It's safe to say that last week was unusually eventful one for many of the stocks on the Dow Jones Industrial Average (DJINDICES:^DJI). All of its financial components reported earnings, its aerospace company watched as its new and highly anticipated aircraft was grounded by aviation authorities around the world, and its high-yielding chipmaker was sent to the pillory after reporting earnings that confirmed fears of an anemic personal-computer market.
The worst performers of the bunch
Of all the companies on the Dow, however, the one that had the worst week was unquestionably Bank of America (NYSE:BAC), the nation's second largest bank by assets, which saw its shares lose more than 4% over the past five days.
On Thursday, the bank reported earnings for the final quarter of 2012. While I believe its figures were actually quite auspicious, the market didn't agree. For the quarter, B of A earned a mere $732 million. To put that in perspective, its two closest rivals, JPMorgan Chase and Wells Fargo, earned $5.7 billion and $5.1 billion, respectively.
With these comparison figures in mind, it's easy to see why the market was disappointed. But in B of A's case, there's more to the story. Namely, it recorded two massive legal settlements during the quarter that impaired its bottom line by a staggering $4 billion -- and that's not counting a number of additional nonoperational charges that negatively affected it. Without those, in other words, B of A would have been in the same ballpark. To read more about this, check out my column on B of A's earnings by clicking here.
The runner-up in terms of poor performance was Intel (NASDAQ:INTC), which closed the week down by 3.6%. Like B of A, Intel was hit by a viscous case of the earnings blues. Following the closing bell on Thursday, the Silicon Valley giant informed analysts and investors that its fourth-quarter profit fell by 27% compared to the same time period in 2011.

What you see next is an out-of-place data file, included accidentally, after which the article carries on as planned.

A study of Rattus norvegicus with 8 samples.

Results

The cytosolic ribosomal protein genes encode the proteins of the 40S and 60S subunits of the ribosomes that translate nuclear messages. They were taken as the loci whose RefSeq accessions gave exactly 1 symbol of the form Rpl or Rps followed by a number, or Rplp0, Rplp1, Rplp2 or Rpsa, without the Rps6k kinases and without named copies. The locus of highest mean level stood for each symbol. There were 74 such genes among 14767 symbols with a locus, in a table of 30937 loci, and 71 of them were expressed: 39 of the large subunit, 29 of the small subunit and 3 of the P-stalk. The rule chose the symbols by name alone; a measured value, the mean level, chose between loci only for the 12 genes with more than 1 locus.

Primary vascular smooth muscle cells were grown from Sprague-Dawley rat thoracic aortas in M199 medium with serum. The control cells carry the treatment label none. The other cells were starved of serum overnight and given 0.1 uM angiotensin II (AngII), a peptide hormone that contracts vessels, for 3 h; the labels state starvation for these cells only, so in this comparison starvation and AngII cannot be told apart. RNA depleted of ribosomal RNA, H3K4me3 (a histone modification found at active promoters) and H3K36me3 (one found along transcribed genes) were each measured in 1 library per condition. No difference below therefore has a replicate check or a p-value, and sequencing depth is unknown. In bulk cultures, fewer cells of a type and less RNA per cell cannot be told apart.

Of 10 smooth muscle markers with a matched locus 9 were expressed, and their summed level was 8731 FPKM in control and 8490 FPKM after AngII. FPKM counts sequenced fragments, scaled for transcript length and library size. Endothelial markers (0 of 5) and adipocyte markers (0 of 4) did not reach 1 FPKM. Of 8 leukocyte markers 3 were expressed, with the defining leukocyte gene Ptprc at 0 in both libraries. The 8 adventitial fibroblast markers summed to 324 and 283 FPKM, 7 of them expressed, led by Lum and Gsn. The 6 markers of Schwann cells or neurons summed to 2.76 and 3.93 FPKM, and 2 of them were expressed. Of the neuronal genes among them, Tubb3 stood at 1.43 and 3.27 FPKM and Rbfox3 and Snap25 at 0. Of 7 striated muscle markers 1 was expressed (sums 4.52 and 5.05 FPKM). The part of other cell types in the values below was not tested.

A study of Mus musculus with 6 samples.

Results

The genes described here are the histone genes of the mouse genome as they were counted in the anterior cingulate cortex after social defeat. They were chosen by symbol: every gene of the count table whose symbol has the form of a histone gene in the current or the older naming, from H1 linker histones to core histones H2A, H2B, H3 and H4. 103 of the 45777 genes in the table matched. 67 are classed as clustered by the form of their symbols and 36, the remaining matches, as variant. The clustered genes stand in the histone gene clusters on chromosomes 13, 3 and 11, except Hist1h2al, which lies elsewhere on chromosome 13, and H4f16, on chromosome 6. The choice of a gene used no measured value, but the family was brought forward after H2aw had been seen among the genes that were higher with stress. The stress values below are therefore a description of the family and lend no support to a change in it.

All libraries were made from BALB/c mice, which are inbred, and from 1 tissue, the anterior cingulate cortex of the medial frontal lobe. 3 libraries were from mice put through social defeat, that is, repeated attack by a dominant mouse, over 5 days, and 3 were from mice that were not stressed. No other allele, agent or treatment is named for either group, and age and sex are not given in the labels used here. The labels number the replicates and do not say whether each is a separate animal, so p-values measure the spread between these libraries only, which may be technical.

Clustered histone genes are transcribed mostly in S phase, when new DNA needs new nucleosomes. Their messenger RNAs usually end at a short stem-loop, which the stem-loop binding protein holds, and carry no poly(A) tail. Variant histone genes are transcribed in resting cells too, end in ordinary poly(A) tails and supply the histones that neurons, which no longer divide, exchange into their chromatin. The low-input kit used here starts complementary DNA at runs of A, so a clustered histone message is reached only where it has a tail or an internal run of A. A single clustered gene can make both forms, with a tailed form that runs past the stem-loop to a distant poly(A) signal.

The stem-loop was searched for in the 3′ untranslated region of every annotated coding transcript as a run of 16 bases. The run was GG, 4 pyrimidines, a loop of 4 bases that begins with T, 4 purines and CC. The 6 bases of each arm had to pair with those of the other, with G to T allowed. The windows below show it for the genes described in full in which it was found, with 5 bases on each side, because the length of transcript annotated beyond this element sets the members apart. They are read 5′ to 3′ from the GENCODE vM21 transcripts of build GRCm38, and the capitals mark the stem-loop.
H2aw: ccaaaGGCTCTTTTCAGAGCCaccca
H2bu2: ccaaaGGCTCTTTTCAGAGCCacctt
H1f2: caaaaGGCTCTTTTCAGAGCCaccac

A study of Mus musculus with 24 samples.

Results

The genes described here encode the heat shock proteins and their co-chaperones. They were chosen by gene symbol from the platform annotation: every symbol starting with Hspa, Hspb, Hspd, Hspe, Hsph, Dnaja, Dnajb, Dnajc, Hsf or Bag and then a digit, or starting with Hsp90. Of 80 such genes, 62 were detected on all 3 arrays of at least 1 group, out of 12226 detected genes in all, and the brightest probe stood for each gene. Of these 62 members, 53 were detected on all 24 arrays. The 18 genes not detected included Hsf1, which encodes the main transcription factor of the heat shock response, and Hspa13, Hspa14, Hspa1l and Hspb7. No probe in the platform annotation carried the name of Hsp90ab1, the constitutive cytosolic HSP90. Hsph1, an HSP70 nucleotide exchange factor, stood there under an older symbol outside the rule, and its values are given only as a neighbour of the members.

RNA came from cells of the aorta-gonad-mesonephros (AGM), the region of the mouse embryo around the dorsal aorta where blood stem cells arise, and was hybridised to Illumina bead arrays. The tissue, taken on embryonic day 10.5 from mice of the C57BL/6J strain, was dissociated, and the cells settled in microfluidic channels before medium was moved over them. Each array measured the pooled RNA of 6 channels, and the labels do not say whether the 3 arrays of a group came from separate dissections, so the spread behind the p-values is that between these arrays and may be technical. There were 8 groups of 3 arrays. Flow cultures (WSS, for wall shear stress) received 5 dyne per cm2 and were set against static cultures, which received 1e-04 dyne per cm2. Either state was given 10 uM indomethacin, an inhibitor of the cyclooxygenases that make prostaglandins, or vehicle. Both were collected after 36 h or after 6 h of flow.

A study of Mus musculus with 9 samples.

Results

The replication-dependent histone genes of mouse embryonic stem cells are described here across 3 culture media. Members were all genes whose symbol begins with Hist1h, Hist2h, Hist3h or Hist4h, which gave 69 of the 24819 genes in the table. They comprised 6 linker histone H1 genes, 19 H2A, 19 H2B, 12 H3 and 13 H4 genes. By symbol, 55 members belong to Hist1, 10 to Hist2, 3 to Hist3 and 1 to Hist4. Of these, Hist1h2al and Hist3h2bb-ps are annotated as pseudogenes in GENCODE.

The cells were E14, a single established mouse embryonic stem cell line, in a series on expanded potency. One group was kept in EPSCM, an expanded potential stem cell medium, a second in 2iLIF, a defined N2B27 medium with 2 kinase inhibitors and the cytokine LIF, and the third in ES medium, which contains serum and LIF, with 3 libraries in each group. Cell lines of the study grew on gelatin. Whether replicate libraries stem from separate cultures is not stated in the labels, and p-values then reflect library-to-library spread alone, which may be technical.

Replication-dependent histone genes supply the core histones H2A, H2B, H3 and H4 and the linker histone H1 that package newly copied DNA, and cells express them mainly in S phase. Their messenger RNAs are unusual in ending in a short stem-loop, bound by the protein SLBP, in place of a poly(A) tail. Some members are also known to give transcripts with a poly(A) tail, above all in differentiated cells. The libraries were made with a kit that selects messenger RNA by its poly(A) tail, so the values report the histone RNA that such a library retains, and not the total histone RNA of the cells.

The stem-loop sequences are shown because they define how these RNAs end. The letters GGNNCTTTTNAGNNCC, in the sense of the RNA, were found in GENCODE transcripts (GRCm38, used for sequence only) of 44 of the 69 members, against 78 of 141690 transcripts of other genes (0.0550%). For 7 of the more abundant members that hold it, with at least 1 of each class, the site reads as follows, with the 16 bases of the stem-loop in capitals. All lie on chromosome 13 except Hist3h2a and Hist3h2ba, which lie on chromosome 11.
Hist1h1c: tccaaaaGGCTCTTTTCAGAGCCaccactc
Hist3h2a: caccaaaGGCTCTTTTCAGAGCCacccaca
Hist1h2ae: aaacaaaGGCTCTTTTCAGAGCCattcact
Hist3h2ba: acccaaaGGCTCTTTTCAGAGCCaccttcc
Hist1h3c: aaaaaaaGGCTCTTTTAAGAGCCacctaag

Over the past year, analysts have grown increasingly concerned about the state of the personal-computer market, and Intel's performance merely fueled the proverbial fire. Revenue from its PC client group fell by 6% on a year-over-year basis. And to make matters worse, the chipmaker announced plans to spend roughly $13 billion in the upcoming year on new factories and other capital expenditures. The Wall Street Journal summed the market's sentiment perfectly with an article titled "Intel's Aggressive 2013 Spending Plan Spooks Investors."
Finally, rounding out the bottom three was American Express (NYSE:AXP), which finished the week down by 2.2%. And again, going along with the theme, its fall was precipitated by a disappointing earnings report.
For the three months ended Dec. 31, the credit card company's $637 million profit was nearly sliced in half compared with the same period in 2011, in which it earned nearly $1.2 billion. The decline was largely a function of two factors. First, despite falling delinquencies and net charge-offs, American Express nevertheless increased the amount of money that it sets aside for souring credit card debt. In the fourth quarter of 2011, its consolidated provisions totaled $409 million. That was 56% less than the $638 million that it provisioned for in the final three months of last year.
And second, American Express recognized a $400 million restructuring charge related to the downsizing of its travel department. It had previously announced plans to cut 5,400 positions from the business because of a presumed waning of demand for its services.
Seeking to cast the results in the best possible light, CEO Kenneth Chenault noted, "With higher fourth-quarter revenues and cardmember spending, we ended 2012 in strong shape."
John Maxfield owns shares of Bank of America and Intel. The Motley Fool recommends American Express, Intel, and Wells Fargo and owns shares of Bank of America, Intel, JPMorgan Chase, and Wells Fargo. Try any of our Foolish newsletter services free for 30 days. We Fools don't all hold the same opinions, but we all believe that considering a diverse range of insights makes us better investors. The Motley Fool has a disclosure policy.